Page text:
Health/Beauty Military Kids/Special Needs

Military Children and Autism: The Referral & Diagnosis

Photo Credit: Time.com
Photo Credit: Time.com

When my two-year-old’s doctor asked me if I had ever thought about Autism, I didn’t know what to say. I hadn’t. I hadn’t even thought it was ever a possibility. I thought my child was strong-willed, stubborn, and easily frustrated, that somehow I was failing as a parent.

I never thought of Autism.

Never in our military experience had I met a doctor – or had my children in a clinic – quite like her’s and the clinic she ran. She was an on-post provider who did everything she could to make her patients and their parents more than just the “sponsor’s last four”. She knew her patients. She knew their parents. She was a Godsend and I miss her greatly.

When she talked to us about the referral for the evaluation she explained, that because he was so young this would most likely be a long process. She explained that it may take two or three or even five evaluations to get a clear diagnosis. The process could take several hours or several months. She started the paperwork that day and then the very next day we received notice that we had to move in three weeks. Thank you, Army gods. (Sarcasm!)

When we made it to our next duty station the first thing I did was report to the Tricare office to see about his referral. Because his referral stated a clinic in the area we had just left it was void. We needed another referral.

We made an appointment with our new clinic to redo the paperwork. The doctor we saw told us in Kansas the wait list for an evaluation is up to a year long and the wait for services after the diagnosis is just as long. I was downtrodden. I was shocked. I was frustrated beyond words.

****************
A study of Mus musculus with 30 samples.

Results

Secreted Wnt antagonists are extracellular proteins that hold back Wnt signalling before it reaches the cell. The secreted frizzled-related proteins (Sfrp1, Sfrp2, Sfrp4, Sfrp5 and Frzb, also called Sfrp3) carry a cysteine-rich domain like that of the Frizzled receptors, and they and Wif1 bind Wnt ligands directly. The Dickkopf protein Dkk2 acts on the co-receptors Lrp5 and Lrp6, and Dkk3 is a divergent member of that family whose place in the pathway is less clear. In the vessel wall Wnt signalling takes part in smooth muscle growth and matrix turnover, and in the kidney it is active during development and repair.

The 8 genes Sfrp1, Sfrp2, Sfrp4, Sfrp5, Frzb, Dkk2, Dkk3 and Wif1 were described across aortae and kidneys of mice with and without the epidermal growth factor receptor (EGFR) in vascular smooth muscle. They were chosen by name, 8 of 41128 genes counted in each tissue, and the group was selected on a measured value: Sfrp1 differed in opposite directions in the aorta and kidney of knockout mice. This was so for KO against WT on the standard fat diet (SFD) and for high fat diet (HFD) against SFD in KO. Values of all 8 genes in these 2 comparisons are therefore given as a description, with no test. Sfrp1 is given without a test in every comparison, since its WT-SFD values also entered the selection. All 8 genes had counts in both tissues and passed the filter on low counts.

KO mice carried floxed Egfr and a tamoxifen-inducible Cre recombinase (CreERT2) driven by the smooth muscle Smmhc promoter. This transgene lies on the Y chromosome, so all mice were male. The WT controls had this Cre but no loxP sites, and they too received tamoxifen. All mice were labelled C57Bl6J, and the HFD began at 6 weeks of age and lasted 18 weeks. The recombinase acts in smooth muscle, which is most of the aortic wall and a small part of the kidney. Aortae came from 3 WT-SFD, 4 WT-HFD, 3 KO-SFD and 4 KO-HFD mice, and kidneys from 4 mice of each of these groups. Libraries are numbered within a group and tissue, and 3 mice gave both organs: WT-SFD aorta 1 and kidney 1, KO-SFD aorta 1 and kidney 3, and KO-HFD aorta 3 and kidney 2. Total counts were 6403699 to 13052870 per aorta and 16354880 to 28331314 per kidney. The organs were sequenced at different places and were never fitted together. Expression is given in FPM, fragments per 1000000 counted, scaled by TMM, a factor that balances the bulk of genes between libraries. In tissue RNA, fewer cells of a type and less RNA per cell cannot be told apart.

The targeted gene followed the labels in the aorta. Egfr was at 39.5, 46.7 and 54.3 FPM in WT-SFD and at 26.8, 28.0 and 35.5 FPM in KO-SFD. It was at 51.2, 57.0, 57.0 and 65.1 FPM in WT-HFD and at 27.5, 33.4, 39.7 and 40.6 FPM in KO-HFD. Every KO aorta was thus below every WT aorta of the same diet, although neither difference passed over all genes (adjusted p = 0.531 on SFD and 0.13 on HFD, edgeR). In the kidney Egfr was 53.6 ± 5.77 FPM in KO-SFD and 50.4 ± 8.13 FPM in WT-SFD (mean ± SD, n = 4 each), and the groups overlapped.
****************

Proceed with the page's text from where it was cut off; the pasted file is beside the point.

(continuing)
So I did what any somewhat-seasoned-army-wife does and called for an appointment with someone else. I never thought I would get lucky again like we did in Colorado but we did. This pediatrician listened to what had happened and looked just as shocked, just as frustrated. She sat down at that computer saying, “No, no, no, no, no. That won’t do.”

She had my littlest scheduled for an evaluation nine days later with a child psychologist in a private clinic very familiar with military children and the Tricare system.

I have said again, and again, and again to fellow army spouses – and I would say the same to any military spouse – if you are unhappy with the “care” provided (or lack thereof), if you don’t think your child is (or that you are) being given the true facts, true answers, demand someone else. Call again and again and again. Go to patient advocacy. They can help.

I left this wonderful doctor’s office never thinking for a moment that my child would be diagnosed. I left relieved and comforted that I wouldn’t have to wait a year wondering, questioning and feeling helpless. I left that office knowing I didn’t have another unknown that would be looming for months and months and months.

I left only having to wait nine days. Nine days before I would know the beginning of the answer.

It was worth the fight to have someone help me work through red tape. It was worth the fight to find a doctor who would take the time to know my son and know his mother. It was worth the fight for the relief of such a burden to carry – to not have to wait for oh so long for something no mother wants to wait to find out.

The referral is the first step. Fighting for that referral is worth the battle.